Writers: James Tynion IV
Artists: Carlos D’Anda, Carlo Pagulayan, Danny Miki & David Baron
Batman must always be exhausted. He jumps from roof to roof, battling countless villains that beat him to a near pulp. But luckily, Batman is a fictional character. So when it only takes him two issues to recover from spinal paralysis, I can buy into it. There’s no actual harm done to Batman considering his body is made up of newspaper and ink. However, Batman #102 not only makes Batman feel exhausted, it makes me feel exhausted.
Tynion just wrapped up Joker War in Batman #100. The story was a battle for “the soul of Gotham City”. It was an incredibly climactic event. This is why I don’t understand why Batman has to fight Ghostmaker for “the soul of Gotham City” in Batman #102. Not only does the concept of the story fling us right back into the action, but the pacing also does as well. Tynion’s new character Ghostmaker had absolutely no build-up. In this debut issue, Ghostmaker finds Batman as soon as possible and starts throwing punches. I think that this is generally a fun way to debut a character. Instead of some giant mystery like Hush or the Court of Owls, Ghostmaker comes in swinging. However, I don’t think it works right after a giant event. I think we need a few more issues to breathe before “Gotham’s soul” is back on the chopping block.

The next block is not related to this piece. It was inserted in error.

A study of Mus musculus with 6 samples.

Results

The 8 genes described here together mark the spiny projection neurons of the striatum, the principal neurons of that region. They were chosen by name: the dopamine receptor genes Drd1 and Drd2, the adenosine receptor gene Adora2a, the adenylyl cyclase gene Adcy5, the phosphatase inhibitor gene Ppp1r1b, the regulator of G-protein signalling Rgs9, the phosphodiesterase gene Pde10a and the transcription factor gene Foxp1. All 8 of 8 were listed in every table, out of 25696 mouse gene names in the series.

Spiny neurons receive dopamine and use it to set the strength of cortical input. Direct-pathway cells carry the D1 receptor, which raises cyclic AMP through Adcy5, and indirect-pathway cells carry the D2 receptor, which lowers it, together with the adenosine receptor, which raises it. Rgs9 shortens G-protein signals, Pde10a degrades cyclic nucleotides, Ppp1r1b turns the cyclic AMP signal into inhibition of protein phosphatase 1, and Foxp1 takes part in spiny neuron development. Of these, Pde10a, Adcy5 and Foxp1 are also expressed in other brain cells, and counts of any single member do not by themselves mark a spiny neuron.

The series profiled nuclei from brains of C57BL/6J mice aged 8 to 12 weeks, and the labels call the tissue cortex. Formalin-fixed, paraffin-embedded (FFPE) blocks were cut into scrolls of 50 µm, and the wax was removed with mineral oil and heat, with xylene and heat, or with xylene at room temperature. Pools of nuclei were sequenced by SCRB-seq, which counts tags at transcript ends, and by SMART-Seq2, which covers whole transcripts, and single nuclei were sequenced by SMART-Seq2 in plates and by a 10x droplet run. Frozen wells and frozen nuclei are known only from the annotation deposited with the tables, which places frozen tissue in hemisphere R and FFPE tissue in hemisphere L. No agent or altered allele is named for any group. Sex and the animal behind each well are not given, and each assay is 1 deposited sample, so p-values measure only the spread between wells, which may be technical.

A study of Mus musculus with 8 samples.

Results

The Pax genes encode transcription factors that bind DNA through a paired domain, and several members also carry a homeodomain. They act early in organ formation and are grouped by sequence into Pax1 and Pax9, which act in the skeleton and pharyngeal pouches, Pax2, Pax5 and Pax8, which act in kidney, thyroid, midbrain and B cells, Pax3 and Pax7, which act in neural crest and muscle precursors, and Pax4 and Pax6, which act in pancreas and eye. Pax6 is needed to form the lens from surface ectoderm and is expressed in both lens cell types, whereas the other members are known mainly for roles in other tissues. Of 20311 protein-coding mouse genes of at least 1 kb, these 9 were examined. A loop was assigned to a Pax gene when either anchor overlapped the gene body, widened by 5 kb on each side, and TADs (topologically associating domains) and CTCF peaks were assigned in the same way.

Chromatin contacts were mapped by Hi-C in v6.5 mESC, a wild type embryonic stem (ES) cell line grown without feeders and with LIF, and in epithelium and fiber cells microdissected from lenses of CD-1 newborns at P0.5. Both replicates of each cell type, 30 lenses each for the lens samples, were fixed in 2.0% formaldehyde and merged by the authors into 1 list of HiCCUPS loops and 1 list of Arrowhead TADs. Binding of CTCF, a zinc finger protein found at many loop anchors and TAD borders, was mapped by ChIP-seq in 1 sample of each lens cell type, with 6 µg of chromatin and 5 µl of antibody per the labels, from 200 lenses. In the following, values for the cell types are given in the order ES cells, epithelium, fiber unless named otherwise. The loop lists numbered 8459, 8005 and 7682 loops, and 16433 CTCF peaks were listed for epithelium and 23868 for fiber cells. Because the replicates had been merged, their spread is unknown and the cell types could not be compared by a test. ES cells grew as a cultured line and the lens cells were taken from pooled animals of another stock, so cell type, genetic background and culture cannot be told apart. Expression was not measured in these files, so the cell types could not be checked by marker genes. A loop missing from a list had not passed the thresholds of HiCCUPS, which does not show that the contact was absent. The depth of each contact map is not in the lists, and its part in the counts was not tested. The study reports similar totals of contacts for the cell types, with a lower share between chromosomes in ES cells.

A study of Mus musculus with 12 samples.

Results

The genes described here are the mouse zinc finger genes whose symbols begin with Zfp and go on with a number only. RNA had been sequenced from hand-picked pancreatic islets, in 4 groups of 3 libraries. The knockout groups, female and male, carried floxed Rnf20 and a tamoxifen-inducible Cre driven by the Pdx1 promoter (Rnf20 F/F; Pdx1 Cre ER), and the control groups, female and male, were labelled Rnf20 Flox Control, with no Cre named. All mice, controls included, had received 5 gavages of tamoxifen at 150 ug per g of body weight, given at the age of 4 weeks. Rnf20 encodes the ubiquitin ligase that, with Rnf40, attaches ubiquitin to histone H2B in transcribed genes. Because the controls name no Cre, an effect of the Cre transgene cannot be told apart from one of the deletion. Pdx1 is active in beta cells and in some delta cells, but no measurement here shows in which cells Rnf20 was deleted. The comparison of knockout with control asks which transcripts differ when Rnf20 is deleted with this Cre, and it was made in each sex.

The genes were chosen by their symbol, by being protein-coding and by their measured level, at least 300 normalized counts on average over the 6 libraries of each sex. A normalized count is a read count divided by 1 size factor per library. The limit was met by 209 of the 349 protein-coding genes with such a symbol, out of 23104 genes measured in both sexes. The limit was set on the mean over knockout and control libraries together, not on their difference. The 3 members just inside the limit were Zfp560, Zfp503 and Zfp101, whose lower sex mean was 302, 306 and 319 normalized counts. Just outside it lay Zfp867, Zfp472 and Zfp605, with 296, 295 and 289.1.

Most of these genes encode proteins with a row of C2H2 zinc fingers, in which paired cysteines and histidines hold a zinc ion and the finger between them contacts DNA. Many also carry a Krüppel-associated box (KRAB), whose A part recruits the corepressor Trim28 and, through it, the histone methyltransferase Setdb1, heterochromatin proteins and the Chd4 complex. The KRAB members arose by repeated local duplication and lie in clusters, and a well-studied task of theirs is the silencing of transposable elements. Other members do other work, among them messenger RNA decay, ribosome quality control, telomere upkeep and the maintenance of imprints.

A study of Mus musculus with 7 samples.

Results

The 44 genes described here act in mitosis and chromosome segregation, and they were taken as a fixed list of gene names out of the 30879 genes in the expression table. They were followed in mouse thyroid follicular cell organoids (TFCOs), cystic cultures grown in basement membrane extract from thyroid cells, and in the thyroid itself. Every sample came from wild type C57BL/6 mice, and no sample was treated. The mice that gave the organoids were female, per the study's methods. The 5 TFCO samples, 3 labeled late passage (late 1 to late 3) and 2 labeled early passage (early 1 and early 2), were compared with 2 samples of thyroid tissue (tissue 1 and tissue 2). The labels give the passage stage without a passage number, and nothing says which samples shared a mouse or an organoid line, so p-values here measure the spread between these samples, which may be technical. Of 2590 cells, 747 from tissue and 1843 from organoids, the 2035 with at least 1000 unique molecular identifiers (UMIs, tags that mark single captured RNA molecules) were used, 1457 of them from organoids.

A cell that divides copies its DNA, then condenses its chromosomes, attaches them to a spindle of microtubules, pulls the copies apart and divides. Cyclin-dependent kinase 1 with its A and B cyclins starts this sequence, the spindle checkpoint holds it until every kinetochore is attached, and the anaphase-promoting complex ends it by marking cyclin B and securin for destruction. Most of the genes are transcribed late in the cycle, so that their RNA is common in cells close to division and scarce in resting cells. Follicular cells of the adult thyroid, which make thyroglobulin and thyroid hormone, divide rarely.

Even though this issue gave me a good bit of whiplash for tossing us back into Tynion’s nonstop climax, I did enjoy the core of the story. For a story about Ghostmaker, this issue focuses heavily on Clowhunter. And although the idea of a pre-teen gunning down criminals is pretty far-fetched, I think there is some interesting space to explore with the character. For me, this mostly comes down to how Bruce chooses to deal with his crime spree. Instead of just fracturing his jawbone and shipping him off to GCPD, he actually tries to reason with and rehabilitate him. I’m really looking forward to seeing this plot development in the future.
Ghostmaker on the other hand doesn’t offer much new to the Gotham gallery of rogues. The issue sets Ghostmaker up as one of Bruce’s former rivals during his training years. After countless others with this same backstory including Nobody and Karma, this feels uninspired. I think Tynion is just checking off his Batman trope list at this point. A hush-like mystery story, check. Big Joker story, check. The new villain from Batman’s past, check. And it doesn’t help that Ghostmaker’s first appearance features a bland monologue about, you guessed it, “the soul of Gotham City”. I’d like Batman and his villains to finally realize Gotham is a hellhole and move on.
While I do like some of the ideas here, Batman #102 isn’t doing anything new or exciting. And actually, it’s doing exactly what the last story just did two issues ago. I could definitely use some more time to get adjusted after Joker War, but Ghostmaker is here now. So let’s see what happens.
Batman (2016-) #102
Batman #102 throws the audience right back into the action, but perhaps a little too quickly.